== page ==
The business association will propose hiring off-duty cops for busy weekends.
Freshman Madelyn Kraft, right, and friend Eva McCauley enjoy some late-night pizza Saturday at Mesa Pizza.
Image by Bridget Bennett
Freshman Madelyn Kraft, right, and friend Eva McCauley enjoy some late-night pizza Saturday at Mesa Pizza.

Dinkytown is inching toward a new, comprehensive security plan.

This fall, the Minneapolis Police Department began pressing the neighborhood’s business association to increase late-night safety measures in the area, ideally with off-duty police officers.

The Dinkytown Business Association will meet with police and city officials Dec. 20 to finalize a new security plan and discuss funding options.

The association will propose hiring four off-duty police officers for the busiest weekends at the University of Minnesota: Labor Day, homecoming, major football games, the Zombie Pub Crawl and Spring Jam, according to DBA President Skott Johnson.

“It’s basically a numbers thing,” Johnson said. “There are so many people here that sometimes it gets out of control.”

According to the DBA, hiring these officers for four hours each weekend would cost the Association $11,200 annually.

Johnson said the DBA is still discussing security for other weekends when school is in session. The association is attempting to keep costs low: Hiring four off-duty police officers every weekend the University is in session would cost an estimated $51,200.

Police are looking for a definite plan from businesses soon so that increased security can be in place before Spring Jam, said Nick Juarez, a crime prevention specialist with the Minneapolis Police Department.

“I think there’s still a wide variety of opinions,” he said.

Late-night pressure

While police are waiting for a plan from the association, they have increased pressure on new late-night businesses to hire off-duty officers.

Dinkytown’s Potbelly Sandwich Shop applied for a permit this fall to stay open late on weekends. The application requires police approval on a security plan for the business, said Grant Wilson, manager of the city’s licensing department.

“That was one of their conditions: that we had to hire an off-duty police officer in order to get their support,” said Joel Berlowe, Potbelly’s general manager. “At this point, if we’re paying for the full expense, we feel it might not be worthwhile.”

Hiring off-duty police is one of several changes police suggest to businesses serving late-night crowds. Other adjustments include limiting their menus and closing off seating.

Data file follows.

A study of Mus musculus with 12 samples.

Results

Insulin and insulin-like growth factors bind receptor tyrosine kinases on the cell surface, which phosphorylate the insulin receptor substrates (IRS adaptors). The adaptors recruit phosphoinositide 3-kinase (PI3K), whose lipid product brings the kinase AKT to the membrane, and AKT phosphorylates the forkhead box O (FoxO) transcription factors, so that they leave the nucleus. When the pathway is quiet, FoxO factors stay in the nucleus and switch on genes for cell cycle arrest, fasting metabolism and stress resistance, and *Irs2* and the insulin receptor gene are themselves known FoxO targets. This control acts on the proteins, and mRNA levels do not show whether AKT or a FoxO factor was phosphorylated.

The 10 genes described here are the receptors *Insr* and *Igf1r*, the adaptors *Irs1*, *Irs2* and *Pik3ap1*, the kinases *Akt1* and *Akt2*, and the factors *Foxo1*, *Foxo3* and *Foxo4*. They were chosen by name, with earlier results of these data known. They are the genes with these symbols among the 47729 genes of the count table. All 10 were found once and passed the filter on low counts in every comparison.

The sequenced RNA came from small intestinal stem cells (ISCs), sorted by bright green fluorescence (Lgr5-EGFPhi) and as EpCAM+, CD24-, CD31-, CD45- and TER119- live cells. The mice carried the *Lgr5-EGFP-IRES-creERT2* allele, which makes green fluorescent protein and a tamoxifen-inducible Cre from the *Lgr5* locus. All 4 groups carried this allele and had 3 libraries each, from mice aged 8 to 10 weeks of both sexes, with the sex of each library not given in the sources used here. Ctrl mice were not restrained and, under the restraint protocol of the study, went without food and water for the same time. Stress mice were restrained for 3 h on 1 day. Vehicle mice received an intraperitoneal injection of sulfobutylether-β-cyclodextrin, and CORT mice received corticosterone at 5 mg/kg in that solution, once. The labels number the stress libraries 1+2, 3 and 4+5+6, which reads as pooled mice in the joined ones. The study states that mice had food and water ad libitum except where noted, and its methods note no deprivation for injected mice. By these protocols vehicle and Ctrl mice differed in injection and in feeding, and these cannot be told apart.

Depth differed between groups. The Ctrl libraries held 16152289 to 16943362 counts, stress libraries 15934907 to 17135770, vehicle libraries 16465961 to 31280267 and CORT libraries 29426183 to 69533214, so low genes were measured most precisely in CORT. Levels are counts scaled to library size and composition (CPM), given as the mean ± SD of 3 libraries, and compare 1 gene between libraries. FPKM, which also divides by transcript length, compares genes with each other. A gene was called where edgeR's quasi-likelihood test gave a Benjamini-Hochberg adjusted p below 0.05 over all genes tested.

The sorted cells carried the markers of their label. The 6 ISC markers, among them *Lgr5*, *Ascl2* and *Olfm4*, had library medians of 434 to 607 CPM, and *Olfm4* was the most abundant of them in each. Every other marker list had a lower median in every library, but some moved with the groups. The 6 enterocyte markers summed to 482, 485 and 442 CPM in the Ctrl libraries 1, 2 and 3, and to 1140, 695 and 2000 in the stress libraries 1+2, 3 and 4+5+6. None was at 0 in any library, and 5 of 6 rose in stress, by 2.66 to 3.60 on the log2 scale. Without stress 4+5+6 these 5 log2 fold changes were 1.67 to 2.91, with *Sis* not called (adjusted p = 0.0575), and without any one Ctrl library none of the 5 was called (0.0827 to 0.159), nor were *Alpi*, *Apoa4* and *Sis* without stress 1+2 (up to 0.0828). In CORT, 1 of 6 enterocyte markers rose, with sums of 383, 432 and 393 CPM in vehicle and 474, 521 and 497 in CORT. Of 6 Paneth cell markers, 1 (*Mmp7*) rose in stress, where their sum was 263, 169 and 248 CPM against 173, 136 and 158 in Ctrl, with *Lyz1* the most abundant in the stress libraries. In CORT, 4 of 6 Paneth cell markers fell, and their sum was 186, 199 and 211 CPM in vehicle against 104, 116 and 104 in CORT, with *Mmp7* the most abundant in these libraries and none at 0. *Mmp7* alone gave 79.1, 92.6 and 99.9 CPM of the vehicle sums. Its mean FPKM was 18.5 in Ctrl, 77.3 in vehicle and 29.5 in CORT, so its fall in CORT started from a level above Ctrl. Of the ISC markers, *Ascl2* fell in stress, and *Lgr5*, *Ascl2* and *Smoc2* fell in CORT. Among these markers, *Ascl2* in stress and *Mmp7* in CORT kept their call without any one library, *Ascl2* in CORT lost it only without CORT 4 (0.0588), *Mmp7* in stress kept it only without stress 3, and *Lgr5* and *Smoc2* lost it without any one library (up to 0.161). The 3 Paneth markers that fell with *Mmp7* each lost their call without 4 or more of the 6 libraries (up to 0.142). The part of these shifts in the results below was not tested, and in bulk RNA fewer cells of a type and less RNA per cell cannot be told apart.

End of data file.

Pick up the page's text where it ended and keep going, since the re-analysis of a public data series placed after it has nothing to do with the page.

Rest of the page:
Without police approval on their security plan, Potbelly will not be able to progress to the next stage of their application process, Wilson said.

“It depends on the business, but we make that recommendation because it is the best practice,” Juarez said. “Off-duty police offer a different type of presence than private security.”

Extended hours permits were not always so tied to security practices.

Currently, the permits are linked to business licenses and must be renewed annually. Until about two years ago, businesses applied to the planning division, which granted indefinite permits, Wilson said.

Since the process was not linked to a business’ license, a security plan was less of a factor in granting extended hours. The planning division instead looked to the number of 911 calls and police reports from the area, said Hilary Dvorak, a Minneapolis city planner.

Berlowe said he hopes to share off-duty police with a neighboring business, like Qdoba, which currently hires private security late at night.

“Security personnel can’t really do a whole lot other than stand there and try and look tough,” Berlowe said. “As far as using force and things like that, police are the only ones really authorized to do that.”

Looking Northeast

When Psycho Suzi’s Motor Lounge, Grumpy’s Bar and Grill and two other businesses found themselves needing more security during peak hours, they pooled their resources to hire two beat cops for the neighborhood.

The initiative eventually turned into the Riverfront Entertainment District, which has expanded to include 16 businesses in its second year, said Christine Levens, executive director of the Northeast Minneapolis Chamber of Commerce.

DBA President Johnson said he is interested in RED as a potential model for Dinkytown.

Ward 3 Councilwoman Diane Hofstede, who represents both neighborhoods, will be at this month’s meeting to talk about the model, Johnson said.

In discussions about sharing off-duty police in Dinkytown, some business owners said they wouldn’t share security unless all business owners contributed. Richard Dortch, general manager of Five Guys Burgers and Fries, said his restaurant wouldn’t share at all.

Levens said RED operates on donations and fundraisers, with no set officer-sharing arrangements.

“Everybody in the geographic area gets the benefit whether they have made a contribution or not,” Levens said. “The police are charged with covering the entire area.”

Johnson said he is interested in potentially creating a new entertainment district for Dinkytown that would operate in a similar opt-in manner.

Johnson and Juarez both stressed the need to finalize a plan in the coming months before any major new student housing developments open and the Vikings begin playing at nearby TCF Bank Stadium.

“There are a lot of changes coming to Dinkytown,” Juarez said. “All of that adds new challenges of having more people in basically a six block radius.”